Developing the next generation of leaders in education is something Brian Metcalf thinks about a lot.
“My mind is always on succession planning and retaining the best teachers we have,” he says.
Metcalf leads Tindley Accelerated Schools, a charter school system in Indianapolis. In his first three years there, he began searching for teachers who were dedicated to Tindley’s college-ready mission, had an equity mindset, and could lead the schools into the future.
He wanted to ensure these future administrators had a solid foundation. So, he set out to find a leadership training program specific to the K-12 environment.
“I was really adamant about quality,” Metcalf says. “I wanted to work with someone we knew had a great reputation for developing leaders.”
One of his school directors had completed another IU Executive Education course. Metcalf says the recommendation he provided was so strong that he reached out to Executive Education Director Sara Johnson.
Johnson’s team plans, develops, and teaches leadership courses for those in health care, nonprofits, the U.S. military, and more. That diversity in training was a big draw for Metcalf.
“Teachers don’t often get this kind of training,” he admits. “We wanted to build a robust bench of leaders. We want to develop people for future roles, and this is our pathway into leadership.”
Metcalf and Johnson began crafting a plan to put teachers on track to rise into new roles, customizing the coursework for a school environment and creating the Aspiring Leaders Academy.
“Working with Executive Education was the best,” Metcalf says. “We really enjoyed the process because they gave us the flexibility to design the program with them.”
That’s something the Executive Education team does for other organizations as well.
“When our faculty members collaborate with those in a specific field, we can fine-tune our existing leadership courses to meet the needs of other environments,” Johnson explains. “In our work with Tindley, there are things in our courses that teachers would not typically learn in their training or education.”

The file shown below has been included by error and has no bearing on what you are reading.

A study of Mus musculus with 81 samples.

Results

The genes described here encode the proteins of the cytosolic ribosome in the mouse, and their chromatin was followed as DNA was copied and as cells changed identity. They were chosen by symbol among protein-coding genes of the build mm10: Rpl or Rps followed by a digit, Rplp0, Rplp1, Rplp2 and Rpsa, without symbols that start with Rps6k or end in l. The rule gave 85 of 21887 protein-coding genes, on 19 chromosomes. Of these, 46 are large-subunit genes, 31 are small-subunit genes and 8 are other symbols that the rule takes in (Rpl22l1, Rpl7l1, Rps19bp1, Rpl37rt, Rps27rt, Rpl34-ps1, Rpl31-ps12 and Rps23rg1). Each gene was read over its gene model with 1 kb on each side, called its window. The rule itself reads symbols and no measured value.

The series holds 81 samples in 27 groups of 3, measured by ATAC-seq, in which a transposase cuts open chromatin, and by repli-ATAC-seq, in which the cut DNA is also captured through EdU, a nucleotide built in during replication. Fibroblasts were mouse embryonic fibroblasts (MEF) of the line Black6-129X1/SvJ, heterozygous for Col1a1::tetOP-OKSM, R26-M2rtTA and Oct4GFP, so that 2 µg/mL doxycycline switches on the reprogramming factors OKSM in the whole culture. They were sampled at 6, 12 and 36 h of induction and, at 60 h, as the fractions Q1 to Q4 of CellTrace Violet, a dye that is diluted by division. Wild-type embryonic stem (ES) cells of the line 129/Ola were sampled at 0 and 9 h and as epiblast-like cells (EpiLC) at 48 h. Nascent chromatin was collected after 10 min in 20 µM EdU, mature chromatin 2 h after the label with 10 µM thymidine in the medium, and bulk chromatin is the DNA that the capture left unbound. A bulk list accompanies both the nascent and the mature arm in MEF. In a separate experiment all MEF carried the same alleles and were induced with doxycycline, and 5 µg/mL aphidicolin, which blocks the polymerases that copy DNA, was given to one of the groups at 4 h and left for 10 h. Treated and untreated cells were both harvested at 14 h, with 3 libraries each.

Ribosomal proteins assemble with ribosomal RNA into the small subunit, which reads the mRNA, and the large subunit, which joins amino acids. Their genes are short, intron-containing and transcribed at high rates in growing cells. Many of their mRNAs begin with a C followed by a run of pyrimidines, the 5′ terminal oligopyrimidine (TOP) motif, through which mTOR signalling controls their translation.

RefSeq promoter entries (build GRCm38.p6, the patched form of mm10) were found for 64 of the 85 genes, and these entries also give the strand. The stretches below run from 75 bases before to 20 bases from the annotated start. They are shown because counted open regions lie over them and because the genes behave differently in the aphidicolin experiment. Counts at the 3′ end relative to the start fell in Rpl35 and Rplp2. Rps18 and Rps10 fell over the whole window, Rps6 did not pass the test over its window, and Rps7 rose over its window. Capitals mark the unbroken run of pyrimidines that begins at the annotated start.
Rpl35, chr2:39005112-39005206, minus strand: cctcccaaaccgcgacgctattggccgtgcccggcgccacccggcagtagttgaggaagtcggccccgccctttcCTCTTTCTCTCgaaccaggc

The team developed a six-month, half-day program that met one Saturday each month—an important detail to ensure the program fit into teachers’ busy schedules. The final curriculum was specifically targeted at the eight teachers Metcalf had identified for future administrative roles.
“It was very apparent this group was passionate about the work they do, their desire to lead well in that environment, and even show leadership qualities to their current K-12 students,” Johnson says.
One of those teachers was Ashley Byrd, a sixth grade math and science teacher. She had applied for the program as part of her plan to eventually become a math director.
“My entire life I’ve been a leader,” Byrd says, smiling.
A leader in school and in sports but she admits filling that role in a business setting isn’t the same. That’s why she wanted to learn to lead in a new way.
“I learned so much about leadership from each class,” she says. “Every class pushed me as a leader and as a teacher.”
Byrd says the faculty worked with the group, helping them learn to apply lessons in their current jobs as well as in potential positions.
“We were all working together and learning from each other,” she says. “It didn’t feel like the faculty members were just feeding us information. We were collaborating with them on the lessons—that collaboration was key.”
The course topics included identifying management styles, time management, building trusting relationships, staff coaching, effective listening, and more.
“Listening is really difficult, especially when you’re a teacher, you’re always the one talking,” Byrd admits. “I could take the strategies I learned into my classroom and use them with my students immediately.”
She even passed on those newfound strategies to her students, helping them learn to lead within their own school. She’s also applied what she learned when she meets with parents and in her own family.
“This program has been extremely beneficial in helping me develop as a leader and teaching me how to build a strong and effective team in the future,” Byrd says.
Metcalf has his eye on the future as well, focusing on how he can keep supporting his teachers. A new group of participants will begin the Aspiring Leaders Academy in fall 2022, while the inaugural group moves on to a second level of new courses.
“We’re not done—we enjoyed it that much,” Metcalf says. “I don’t want this to be a one off. I want to get as many of our teachers enrolled in this program as possible. I definitely see this being a long-term partnership with IU Executive Education.”